COLLEGE STATION, Texas — With the nation enduring yet another mass shooting, parents here at home are facing a question.
How do we talk about the horror, shock, or sorrow from events like the mass shooting at the elementary school in Uvalde?
We spoke with a local clinical psychologist and marriage and family therapist on how parents can start a conversation with their children about tragic events like this one and hopefully move forward.
Finding ways to talk to our children about a life-changing event is no easy task. Clinical psychologist Dr. Annmarie MacNamara says trauma can be common.
“Trauma has happened to more people than we’d like to admit, kids and adults,” said Dr. Annmarie MacNamara, Clinical Psychologist and Assistant Professor at Texas A&M University. “Surprisingly, amazingly, sometimes people are resilient, and they don’t end up with things like post-traumatic stress disorder, but a lot of people do.”
This is why having the conversation now versus later is important.
Dr. MacNamara says we don’t have to stop the negative emotions in children.
“We’re not there to pretend it didn’t happen nor insulate them from that,” said Dr. MacNamara. “We’re there to help buffer them from these events not stop them but to lead by example and to be there to validate their emotions and support them as they go through these negative emotions.”
While we want to be our child’s advocate, Dr. Michael Smalley is a marriage and family therapist and says that parenting can be a hard job.
“Being a good parent is difficult because we have to encourage and motivate our kids to do something that they may not want to do,” said Dr. Michael Smalley, president and founder of Smalley Institute.
He says not to force children to talk if they aren’t ready, but when they are, have the conversation.
“So you don’t want to push someone whose just gone through a traumatic event like Uvalde and force them to talk about it if they aren’t ready to talk about it,” said Dr. Smalley. “Let them share what they were feeling. Encourage them to go hey what was that like for you? What was the thing that scared you? And then read the room.”
Dr. MacNamara says it’s important for parents to meet children where they are at.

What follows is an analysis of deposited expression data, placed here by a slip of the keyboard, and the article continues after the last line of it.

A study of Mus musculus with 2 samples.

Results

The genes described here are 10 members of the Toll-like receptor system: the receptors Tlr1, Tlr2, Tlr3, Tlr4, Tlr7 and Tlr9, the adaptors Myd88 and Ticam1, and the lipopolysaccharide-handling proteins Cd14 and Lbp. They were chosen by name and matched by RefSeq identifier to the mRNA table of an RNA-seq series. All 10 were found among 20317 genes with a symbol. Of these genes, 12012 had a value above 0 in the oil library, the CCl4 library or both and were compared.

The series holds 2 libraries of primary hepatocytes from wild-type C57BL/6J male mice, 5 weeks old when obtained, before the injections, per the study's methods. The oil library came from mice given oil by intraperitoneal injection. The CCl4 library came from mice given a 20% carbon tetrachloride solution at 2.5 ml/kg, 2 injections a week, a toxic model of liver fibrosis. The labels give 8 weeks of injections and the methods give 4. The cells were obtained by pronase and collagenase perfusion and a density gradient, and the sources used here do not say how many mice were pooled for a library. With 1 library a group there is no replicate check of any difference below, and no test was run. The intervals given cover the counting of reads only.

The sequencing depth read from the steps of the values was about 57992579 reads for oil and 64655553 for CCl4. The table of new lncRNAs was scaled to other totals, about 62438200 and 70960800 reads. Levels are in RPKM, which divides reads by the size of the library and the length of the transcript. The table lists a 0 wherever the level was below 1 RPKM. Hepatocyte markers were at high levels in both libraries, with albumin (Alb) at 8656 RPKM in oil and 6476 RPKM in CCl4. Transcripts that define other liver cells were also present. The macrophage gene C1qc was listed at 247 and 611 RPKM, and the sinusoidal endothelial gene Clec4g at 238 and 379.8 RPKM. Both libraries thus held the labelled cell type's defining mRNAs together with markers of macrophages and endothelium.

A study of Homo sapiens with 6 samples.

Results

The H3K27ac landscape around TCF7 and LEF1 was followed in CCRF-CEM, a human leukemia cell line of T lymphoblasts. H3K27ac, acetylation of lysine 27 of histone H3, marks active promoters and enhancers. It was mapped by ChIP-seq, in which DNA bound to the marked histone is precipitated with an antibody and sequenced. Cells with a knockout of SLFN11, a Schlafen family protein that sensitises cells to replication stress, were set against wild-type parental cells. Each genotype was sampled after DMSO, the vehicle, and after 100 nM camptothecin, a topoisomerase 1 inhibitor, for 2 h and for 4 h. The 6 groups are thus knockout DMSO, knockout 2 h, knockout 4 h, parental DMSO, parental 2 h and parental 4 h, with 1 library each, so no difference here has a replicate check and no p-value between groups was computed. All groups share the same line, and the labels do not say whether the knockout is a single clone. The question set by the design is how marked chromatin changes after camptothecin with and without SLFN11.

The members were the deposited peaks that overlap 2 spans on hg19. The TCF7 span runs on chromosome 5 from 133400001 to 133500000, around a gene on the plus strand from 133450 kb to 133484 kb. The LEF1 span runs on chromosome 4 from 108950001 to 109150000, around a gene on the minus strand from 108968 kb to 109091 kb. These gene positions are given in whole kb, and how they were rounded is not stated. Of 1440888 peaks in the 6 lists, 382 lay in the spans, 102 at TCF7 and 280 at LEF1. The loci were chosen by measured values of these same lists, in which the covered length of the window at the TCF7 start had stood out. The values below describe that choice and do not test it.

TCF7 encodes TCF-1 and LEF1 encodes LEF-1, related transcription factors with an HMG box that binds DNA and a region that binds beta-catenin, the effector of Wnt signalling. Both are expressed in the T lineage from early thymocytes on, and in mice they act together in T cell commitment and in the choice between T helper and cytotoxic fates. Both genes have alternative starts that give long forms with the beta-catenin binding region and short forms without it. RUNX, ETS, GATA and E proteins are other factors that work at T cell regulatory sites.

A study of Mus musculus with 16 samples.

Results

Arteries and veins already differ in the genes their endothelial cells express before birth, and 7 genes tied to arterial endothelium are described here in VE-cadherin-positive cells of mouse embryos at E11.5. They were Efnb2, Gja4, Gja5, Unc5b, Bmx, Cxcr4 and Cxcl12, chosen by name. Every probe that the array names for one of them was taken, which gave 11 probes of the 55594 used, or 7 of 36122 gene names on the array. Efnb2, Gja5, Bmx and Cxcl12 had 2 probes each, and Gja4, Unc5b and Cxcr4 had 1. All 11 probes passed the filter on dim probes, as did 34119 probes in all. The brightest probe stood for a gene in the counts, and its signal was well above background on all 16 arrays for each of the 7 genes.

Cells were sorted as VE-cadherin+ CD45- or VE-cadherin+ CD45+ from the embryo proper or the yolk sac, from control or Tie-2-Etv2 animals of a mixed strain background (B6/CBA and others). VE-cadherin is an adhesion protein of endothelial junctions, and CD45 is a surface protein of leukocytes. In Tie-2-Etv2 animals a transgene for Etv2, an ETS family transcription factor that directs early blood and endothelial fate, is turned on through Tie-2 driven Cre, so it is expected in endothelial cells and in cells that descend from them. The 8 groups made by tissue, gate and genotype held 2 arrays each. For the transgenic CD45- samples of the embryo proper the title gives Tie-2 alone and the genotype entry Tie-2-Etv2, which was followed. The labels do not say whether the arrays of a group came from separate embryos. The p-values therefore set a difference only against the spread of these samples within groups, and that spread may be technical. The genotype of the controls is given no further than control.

“I think the main thing that I would stress is to meet the child where the child is at,” said Dr. MacNamara. “There may be children who actually don’t want to talk about it. They may deal with it in other ways. They may want more hugs. They might want to interact more. Maybe they need some alone time depending on their age. Maybe they’re going to talk to their friends about it.”
The question is how do we talk to children as the world faces another mass shooting.
“Every parent is going to get faced at some point with really scary, difficult conversations with their kids and I would encourage the parents, one, don’t be afraid to let your kids talk about it,” said Dr. Smalley.
Even though the conversation may be scary at first, local clinical psychologist Dr. MacNamara has an answer. She says it’s about balance.
“You want to kind of help them have a middle ground of how to interact with these terrible events, not be denying them or avoiding them but not obsessing and becoming more anxious,” said Dr. MacNamara. “You want to keep a handle on how the external media and images that they may be exposed to affecting them emotionally.”
Dr. Smalley says not to give up on finding solutions when it comes to having those tough conversations with children.
“Don’t stop trying to find solutions,” said Dr. Smalley. “It might be in a book. It might be in a pastor, could be in a priest. It could be in a mentor. It could be with a professional therapist but find somebody.”
He also says that community is important, and we need each other at times in our lives to pick one another up.